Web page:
As parents, hubby and I are often trying to teach the children about the consequences of their actions. Lately, Aristotle returned the lesson to me and reminded me of the power of “Monkey See, Monkey Do”…
Boys being boys, Hercules, and occasionally Aristotle, often do things that can lead to them hurting themselves. Having lost my patience playing the broken record of telling them not to do these things, I adopted the attitude that if they wanted to ignore my warnings, don’t come crying to me when they get hurt because I warned them. Yes, it wasn’t the best of my ideas because it has had some unpleasant repercussions.
I have been a bad example for Aristotle. Recently, Hercules fell off a chair and bumped his head while I was vacuuming in another room. Over the noise of the vacuum cleaner, I couldn’t hear him crying. However, Aristotle, who was in the same room as Hercules, could, but instead of running to tell me that Hercules was hurt, he pointedly ignored him and continued about his own business.
It was only when I stopped the vacuum cleaner to shift some furniture that I heard Hercules and I ran to see what the matter was. After attending to Hercules (who luckily wasn’t really hurt), I asked Aristotle why he didn’t alert me and he replied, “Hercules was being silly on the chair and that’s why he fell and bumped his head on the cupboard.” In other words, Hercules was being silly and hurt himself as a result so it’s his fault and I’m not going to tend to him if he insists on doing silly things like that.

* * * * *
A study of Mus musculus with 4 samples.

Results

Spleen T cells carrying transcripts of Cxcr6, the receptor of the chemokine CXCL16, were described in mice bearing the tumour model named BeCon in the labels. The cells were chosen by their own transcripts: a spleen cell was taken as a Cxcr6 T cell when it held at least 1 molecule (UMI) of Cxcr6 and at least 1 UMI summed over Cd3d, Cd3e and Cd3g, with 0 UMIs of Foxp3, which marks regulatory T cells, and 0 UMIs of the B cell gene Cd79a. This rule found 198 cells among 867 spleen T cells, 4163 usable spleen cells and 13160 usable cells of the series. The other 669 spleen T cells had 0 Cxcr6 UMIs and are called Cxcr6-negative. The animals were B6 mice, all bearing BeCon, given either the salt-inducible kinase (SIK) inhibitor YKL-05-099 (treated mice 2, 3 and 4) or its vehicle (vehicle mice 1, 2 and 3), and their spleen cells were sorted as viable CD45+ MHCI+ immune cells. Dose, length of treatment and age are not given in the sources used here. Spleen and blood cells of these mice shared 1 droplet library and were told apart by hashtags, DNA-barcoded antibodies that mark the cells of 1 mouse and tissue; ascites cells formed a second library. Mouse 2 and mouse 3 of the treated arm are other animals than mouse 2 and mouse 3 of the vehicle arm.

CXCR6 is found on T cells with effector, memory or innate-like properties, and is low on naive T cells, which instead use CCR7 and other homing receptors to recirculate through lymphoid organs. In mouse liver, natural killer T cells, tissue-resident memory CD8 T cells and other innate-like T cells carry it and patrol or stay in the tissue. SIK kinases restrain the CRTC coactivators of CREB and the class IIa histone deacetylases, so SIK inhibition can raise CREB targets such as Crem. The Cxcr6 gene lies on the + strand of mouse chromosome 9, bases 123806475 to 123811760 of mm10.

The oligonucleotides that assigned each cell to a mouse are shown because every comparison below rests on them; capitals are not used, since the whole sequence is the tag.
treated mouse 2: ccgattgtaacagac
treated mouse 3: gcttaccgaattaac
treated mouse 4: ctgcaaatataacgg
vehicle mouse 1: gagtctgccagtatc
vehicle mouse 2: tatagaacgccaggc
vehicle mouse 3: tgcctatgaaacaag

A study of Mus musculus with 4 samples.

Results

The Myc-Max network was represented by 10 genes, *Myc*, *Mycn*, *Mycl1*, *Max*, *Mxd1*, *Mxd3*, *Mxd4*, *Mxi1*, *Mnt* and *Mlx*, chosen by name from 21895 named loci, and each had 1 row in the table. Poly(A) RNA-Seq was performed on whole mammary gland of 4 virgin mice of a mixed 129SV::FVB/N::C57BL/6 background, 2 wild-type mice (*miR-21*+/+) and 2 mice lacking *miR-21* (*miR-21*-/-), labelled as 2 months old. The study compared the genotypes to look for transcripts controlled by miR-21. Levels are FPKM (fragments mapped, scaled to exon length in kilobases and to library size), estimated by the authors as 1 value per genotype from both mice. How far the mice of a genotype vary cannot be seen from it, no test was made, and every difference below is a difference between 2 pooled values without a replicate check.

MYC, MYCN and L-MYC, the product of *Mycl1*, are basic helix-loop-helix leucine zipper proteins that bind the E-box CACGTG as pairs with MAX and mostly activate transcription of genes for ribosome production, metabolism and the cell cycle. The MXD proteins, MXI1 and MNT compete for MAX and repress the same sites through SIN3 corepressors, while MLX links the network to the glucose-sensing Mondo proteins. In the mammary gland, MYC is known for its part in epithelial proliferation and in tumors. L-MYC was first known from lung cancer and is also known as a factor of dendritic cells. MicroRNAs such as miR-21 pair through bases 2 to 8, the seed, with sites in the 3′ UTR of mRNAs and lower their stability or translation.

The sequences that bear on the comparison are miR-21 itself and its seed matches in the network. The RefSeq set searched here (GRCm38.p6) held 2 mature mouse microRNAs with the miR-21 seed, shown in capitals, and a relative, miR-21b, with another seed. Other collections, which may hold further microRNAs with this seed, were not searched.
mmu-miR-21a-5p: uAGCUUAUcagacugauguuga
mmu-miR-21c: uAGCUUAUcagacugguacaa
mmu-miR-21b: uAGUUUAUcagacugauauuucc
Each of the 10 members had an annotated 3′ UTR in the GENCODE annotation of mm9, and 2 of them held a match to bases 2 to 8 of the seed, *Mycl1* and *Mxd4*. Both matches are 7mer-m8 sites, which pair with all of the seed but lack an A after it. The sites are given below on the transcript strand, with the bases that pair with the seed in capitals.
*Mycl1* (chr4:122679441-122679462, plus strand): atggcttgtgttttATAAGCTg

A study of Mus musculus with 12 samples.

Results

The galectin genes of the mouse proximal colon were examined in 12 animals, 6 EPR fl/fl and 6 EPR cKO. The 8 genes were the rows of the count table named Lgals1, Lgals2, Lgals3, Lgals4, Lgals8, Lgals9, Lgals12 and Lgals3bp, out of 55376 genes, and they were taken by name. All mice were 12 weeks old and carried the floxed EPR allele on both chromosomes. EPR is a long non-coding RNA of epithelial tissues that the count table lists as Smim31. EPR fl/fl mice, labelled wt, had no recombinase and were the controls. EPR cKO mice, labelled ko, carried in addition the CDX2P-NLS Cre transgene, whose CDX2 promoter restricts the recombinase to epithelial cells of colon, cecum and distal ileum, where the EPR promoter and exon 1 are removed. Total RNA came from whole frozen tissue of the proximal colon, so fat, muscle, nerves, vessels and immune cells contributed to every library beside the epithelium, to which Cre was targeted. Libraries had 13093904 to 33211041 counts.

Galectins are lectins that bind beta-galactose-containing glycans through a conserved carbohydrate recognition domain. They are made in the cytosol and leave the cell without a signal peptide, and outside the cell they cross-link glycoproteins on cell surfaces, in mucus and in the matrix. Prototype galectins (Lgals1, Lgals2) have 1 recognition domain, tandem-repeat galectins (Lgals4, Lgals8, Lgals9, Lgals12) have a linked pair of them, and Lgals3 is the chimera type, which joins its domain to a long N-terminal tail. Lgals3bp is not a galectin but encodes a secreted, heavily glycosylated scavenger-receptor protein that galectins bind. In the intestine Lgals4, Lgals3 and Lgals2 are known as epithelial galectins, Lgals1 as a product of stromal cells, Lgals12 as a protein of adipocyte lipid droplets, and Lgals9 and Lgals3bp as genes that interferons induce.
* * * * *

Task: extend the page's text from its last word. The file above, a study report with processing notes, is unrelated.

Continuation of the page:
I felt a stab in my heart when he said it because Aristotle has always been a kind and caring child who notices when others are hurt and usually tries to help out. This has been his nature since he was too young to even know how to help so to hear this change in him because he was merely copying my actions was a real blow to me.
Obviously, as an adult, I would never have ignored the boys when they are hurt. I would always check to make sure the boys were okay before deciding whether it was “safe” to ignore them. However, Aristotle would not have known this and was merely behaving the way he thought I would have so it was my fault that he ignored his brother in pain.
This isn’t the first time I have noticed Aristotle copying my reactions but it has made me sit up and take notice of how I deal with things. If I don’t like to see my child behaving in a particular manner, I have to make sure that I do not react the same way in a similar situation. “Monkey See, Monkey Do” – it’s straight forward and very practical advice, however, implementation is never quite as simple.
If there is one thing that being a parent has taught me, it has taught me to become a better person. Being one of the most important role models to my children, it is important for me to be the best that I can be. Behaviours I could get away with before I became a parent are no longer acceptable.
Thankfully, I have never subscribed to the parenting school of thought that a parent must always be right, even when wrong, so it is okay for me to admit to my children when I have made mistakes. I hope that it teaches them that no one is infallible and that when we are wrong, we need to admit to it.